2013 MMS Interim Meeting Opens With Call to Protect Smaller Practices

Massachusetts Medical Society President Ronald Dunlap, M.D. opened the 2013 Interim Meeting with a call for the organization to support small and mid-sized physician practices during an unprecedented push towards clinical and financial alignment statewide.

“I believe that if a physician or a practice wants to maintain a meaningful degree of professional autonomy, they should be able to do so. Becoming employed by a large system is not for everyone,”  said Dr. Dunlap in his President’s Report to the MMS House of Delegates. “In fact, it is not even necessary.”

Oversight may be needed to ensure that hospitals continue to maintain relationships with affiliated, as well as  employed physicians, and do not attempt to use their market power to dictate terms to independent physician groups, Dr. Dunlap said.

The MMS  plans to continue its outreach on clinical integration challenges facing physicians this into the coming year, Dr. Dunlap said.  The Society’s Physicans Guide to ACOs, created earlier this year, has become one of the most popular documents ever posted on the MMS website.

“We will work hard on the advocacy front to ensure that the rules of the game give everyone the opportunity to be successful — to ensure that we’re not all stuffed into a single model that cannot possible work for everyone,” said Dr. Dunlap.

More than 150 physician HOD representatives traveled from around the state to Waltham on Dec. 6 for the two-day Interim Meeting. They will vote on a number of  formal resolutions, and craft MMS policy for the coming year.

The Delegates also welcomed Aron Boros, Executive Director of the Center for Health Information and Analysis, a state agency created to collect and distribute meaningful health care cost data under Chapter 224, the payment  reform law of 2012.

“The chief health care complaint in Massachusetts truly is affordability,” Boros said.  The cost of health care in Massachusetts is  well above the national average because of  a complex delivery system that withholds information about price and cost from patients and physicians, he said.

The lack of accurate and meaningful data on outcomes and provider quality means the health care system is too often treated like an “all-you-can-eat buffet.”

Beginning in 2015, Boros said, CHIA and the state’s Health Policy Commission will become directly involved with health plans and providers whose health care costs grow faster than the state’s economic growth rate of 3.6 percent annually.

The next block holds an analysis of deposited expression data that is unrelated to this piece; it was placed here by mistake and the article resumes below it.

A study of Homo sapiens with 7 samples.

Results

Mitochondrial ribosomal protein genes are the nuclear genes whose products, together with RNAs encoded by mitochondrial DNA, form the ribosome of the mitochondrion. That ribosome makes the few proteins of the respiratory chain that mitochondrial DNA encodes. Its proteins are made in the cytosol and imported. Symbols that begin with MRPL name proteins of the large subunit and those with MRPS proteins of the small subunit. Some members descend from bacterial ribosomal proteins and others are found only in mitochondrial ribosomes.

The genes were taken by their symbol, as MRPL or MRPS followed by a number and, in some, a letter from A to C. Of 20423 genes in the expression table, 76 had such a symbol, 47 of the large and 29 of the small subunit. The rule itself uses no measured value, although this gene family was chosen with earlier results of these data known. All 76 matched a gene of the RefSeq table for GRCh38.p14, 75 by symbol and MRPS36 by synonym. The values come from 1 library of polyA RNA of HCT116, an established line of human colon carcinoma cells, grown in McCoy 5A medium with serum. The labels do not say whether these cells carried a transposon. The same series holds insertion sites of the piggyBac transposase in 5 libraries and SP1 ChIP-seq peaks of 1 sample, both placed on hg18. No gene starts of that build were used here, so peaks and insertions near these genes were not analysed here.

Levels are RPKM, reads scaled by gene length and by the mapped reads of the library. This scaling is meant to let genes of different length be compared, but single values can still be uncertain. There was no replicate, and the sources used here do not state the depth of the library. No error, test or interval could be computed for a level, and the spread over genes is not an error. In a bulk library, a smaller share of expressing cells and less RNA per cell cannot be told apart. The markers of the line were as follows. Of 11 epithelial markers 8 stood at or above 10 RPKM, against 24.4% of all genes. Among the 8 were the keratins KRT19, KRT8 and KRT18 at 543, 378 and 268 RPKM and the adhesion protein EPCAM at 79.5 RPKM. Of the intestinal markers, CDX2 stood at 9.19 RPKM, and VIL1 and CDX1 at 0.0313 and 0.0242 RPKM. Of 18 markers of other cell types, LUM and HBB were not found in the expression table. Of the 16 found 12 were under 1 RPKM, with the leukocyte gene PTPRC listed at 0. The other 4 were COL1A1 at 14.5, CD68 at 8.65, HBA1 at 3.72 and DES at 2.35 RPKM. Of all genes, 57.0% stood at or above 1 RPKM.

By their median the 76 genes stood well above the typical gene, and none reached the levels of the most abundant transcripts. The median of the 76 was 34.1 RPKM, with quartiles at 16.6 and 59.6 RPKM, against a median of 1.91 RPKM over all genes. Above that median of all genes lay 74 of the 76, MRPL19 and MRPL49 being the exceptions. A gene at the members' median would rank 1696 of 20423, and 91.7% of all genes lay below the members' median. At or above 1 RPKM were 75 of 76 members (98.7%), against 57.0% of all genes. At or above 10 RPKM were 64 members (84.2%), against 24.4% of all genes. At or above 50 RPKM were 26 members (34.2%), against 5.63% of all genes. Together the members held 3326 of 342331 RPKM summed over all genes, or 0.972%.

-- Erica Noonan

 

 

  1. bruce suzuki says:

    As a physician , I have always felt I was serving the broad community, which is constituted by people/patients who have sought medical care from physicians with varying hospital affiliations. Current conditions of the medical business environment are making the physicians working with a number of hospital organizations to ‘choose’ one over the other. How is this environment helping patients make their choice/s in medical care? Hospitals have already gone out and hired the primary care physicians, who dictate the referral designees….This monopolistic approach would seem to be counter to American values of fair competition. I would hope those in roles of making policy via monopolistic business practices recognize they are /have created an environment in which practitioners and their patients are given less than a fair opportunity to compete and choose. I believe much of the pressure to ‘pick’ a winner hospital system stems from the inability for the insurance /payor data bases to adequately attribute work of individual physicians who participate in care of patients at more than one institution. The lack of granularity of their ‘billing’ instruments has ‘created’ their problems, which they seek to cure by way of making the physician pick a partner.
    Therefore a solution to the issue would seem to be creating of a framework allowing the preferred templates for care…like criteria for imaging/lab tests/ medications…which could be used depending on the patient’s insurance information. As many of the patients don’t even know they are in aco’s or certain hospital group entities, a designation on their insurance card which would tell the physician what the patient can do with their care under their terms of service would be beneficial…also, establishing a system for accessing of lab and other essential information outside of their corporate firewalls would be beneficial in avoiding corporations from using their dominant positions in bullying the less powerful….which used to be a basic tenet of The United States of America.

    I am not an activist, but do see concentrating the power in medical care to a few companies, which are not only large in this state, but also in the world, is becoming more of a problem.